Each of us has a certain emotional bandwidth of what we can handle on a day-to-day, month-to-month or even year-to-year basis. When our bandwidth is maxed out we feel overwhelmed. The temptation is to check out and avoid. Some of us get paralyzed and incapacitated, while others go-go-go trying to task-master their way out of it.
I love this exerpt from a blog post by Karin Habib, PhD:
So how can we increase our emotional bandwidth? Step one is changing how you take information in and respecting your limits. Implied in the first step is step two: take time out to process your feelings. Don’t avoid. That’s how people stay overwhelmed. Journal daily, talk to friends, meditate, talk to a therapist. Do something that allows you to acknowledge what’s been going on in your life. This is how you begin to increase what you can tolerate. Spending time with feelings builds a sense of competence and self trust, and allows you to be more comfortable with yourself and your internal world. This, in turn, lets you sit more comfortably with other people’s emotions.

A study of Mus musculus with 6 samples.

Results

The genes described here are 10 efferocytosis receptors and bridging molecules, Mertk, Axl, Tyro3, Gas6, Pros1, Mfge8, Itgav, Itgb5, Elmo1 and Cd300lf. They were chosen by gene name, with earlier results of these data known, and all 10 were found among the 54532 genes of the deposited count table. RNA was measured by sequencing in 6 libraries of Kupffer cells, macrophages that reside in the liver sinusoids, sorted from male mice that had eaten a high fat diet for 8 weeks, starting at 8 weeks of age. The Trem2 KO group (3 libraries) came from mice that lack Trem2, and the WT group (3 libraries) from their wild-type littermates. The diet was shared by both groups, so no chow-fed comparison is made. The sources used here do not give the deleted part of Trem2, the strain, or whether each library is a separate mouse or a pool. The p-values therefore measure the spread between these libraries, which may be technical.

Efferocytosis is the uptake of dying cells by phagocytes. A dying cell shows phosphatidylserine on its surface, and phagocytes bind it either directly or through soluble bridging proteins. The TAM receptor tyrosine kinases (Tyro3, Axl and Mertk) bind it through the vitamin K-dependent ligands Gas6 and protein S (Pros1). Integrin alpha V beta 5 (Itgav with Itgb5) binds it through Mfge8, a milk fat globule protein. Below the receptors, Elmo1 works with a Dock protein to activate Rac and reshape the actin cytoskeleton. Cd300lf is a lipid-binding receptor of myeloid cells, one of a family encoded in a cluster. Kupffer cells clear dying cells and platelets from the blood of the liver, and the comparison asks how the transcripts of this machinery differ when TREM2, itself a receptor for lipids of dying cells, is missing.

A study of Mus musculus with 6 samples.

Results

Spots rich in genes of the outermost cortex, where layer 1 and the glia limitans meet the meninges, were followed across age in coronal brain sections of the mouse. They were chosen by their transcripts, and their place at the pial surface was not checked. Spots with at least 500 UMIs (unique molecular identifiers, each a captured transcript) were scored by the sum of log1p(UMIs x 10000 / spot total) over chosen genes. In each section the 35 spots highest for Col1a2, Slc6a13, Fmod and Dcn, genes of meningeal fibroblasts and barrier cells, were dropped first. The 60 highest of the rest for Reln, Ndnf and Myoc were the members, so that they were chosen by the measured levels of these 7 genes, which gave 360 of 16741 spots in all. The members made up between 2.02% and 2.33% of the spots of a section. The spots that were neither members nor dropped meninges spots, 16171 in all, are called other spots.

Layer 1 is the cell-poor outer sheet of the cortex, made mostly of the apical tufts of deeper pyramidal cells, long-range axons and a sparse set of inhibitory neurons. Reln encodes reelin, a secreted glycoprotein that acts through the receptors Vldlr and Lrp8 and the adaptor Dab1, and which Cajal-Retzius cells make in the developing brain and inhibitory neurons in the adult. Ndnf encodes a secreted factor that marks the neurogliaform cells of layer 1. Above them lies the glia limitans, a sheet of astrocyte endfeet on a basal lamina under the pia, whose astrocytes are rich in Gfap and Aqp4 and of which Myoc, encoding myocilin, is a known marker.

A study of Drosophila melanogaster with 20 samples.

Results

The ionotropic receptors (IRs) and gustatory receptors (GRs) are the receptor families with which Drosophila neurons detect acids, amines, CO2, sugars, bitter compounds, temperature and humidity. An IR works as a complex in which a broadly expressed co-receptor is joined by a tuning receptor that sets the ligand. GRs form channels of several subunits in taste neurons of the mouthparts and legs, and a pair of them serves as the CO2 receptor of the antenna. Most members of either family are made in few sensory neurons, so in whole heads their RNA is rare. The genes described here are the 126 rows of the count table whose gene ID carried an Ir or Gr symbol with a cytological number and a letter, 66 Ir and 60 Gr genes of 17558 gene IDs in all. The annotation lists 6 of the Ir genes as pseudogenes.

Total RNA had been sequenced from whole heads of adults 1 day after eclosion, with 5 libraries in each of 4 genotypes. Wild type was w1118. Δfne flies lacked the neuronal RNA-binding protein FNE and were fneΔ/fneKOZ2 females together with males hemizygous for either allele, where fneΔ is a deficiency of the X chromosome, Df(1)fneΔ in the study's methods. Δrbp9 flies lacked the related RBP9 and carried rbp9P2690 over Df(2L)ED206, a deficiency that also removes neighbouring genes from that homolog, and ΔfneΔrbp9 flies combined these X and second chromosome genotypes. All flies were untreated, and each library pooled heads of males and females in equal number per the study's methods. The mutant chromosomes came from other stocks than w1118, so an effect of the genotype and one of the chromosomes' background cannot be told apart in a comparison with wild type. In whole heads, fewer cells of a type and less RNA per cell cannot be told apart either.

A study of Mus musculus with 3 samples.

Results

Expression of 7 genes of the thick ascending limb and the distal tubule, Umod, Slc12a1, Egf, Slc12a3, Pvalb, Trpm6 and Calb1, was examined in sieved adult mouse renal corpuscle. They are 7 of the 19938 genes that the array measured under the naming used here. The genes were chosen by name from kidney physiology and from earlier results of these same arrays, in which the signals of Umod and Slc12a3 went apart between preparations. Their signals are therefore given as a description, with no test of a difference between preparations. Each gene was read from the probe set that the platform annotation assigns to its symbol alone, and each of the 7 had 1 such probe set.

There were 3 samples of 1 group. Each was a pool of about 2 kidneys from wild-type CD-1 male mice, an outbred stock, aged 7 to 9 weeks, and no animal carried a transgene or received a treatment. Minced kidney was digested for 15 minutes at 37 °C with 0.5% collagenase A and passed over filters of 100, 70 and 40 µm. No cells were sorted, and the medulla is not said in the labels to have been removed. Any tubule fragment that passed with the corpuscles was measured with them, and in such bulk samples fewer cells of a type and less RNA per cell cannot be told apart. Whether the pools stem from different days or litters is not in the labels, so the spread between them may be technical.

Life is a juggling act. Sometimes we have too many balls in the air and they all come tumbling down. Other times we comfortably juggle what’s there.
By checking in with ourselves emotionally, we remain attuned to how much of our bandwidth is being used up and can adjust accordingly.
Embrace the ebbs and flows of life, and when you are feeling overwhelmed, take a step back and choose to honor your own limits with enough self-respect to know that your limits are different from anyone else’s, so don’t compare.